It will be first-come, first-served for groups wanting to hold fundraisers in LaGrange after the LaGrange Town Council took action Monday evening on the contentious subject.

Town Clerk-Treasurer Mike Rowlison told the council that he is already getting calls from groups that want to hold the chicken barbeque fundraisers this year. The council voted to have Rowlison sign up groups for off-site fundraising, and locate them at one of three locations in town.

Groups that call to sign up will be assigned to the Town Hall, the LaGrange County Courthouse, or Schlemmer’s Hardware, based on the order that they call in. The first group will get the town hall, the second the courthouse, third Schlemmer’s, and will continue to rotate. Groups will be given the next available weekend, with only one group per weekend – on either Friday or Saturday. There will be no fees to hold the fundraisers.

Groups will not be able to request a specific location or date, but rather get the next date and location on rotation.

The policy does not apply to any fundraisers held on private property. Fundraisers on private property, such as at churches or other businesses, can be held whenever they wish and as often as they would like.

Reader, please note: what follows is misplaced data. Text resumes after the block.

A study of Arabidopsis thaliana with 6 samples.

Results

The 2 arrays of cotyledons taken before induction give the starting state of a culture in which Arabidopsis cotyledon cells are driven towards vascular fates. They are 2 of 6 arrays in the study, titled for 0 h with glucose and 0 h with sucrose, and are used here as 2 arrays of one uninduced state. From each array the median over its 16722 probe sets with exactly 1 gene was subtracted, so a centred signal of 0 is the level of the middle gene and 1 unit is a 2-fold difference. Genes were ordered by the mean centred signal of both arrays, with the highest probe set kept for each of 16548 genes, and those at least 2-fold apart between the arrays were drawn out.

Discussion prior to the vote centered around how much the fundraisers have affected businesses in downtown LaGrange, as well as safety issues.

Area restaurants have been concerned with the fundraisers taking away business, even having people stand near their establishments with signs advertising the fundraiser. They also point out that the fundraisers have an unfair advantage in that they do not have utility payments, taxes and other costs.

Others contend that the fundraisers bring business to the downtown area and that the affect on downtown restaurants is minimal.

Town Council President Mark Eagleson suggested that the groups consider an option that was brought up previously, having the groups and restaurants work together in fundraisers, similar to what Miller’s Super Valu does for groups. That, Eagleson said, would be a win-win solution. Restaurants have already said they would be willing to participate in those events, “We just have to let the clubs and organizations know that option is out there,” Eagleson stated.

Concern over how moving the fundraisers away from the courthouse would hurt their sales was also a primary point of discussion Monday. Merv King, owner of King’s Barbeque that works with many of the fundraisers, told the council that he was okay setting up anywhere in the town. “I don’t want to hurt other businesses,” he added.


Council member Ray Hoover, who was the lone dissenting vote on the policy, felt that the town would “regulate ourselves into an unfriendly town.”  He added “I can’t believe that they (downtown restaurants) are losing that much business.”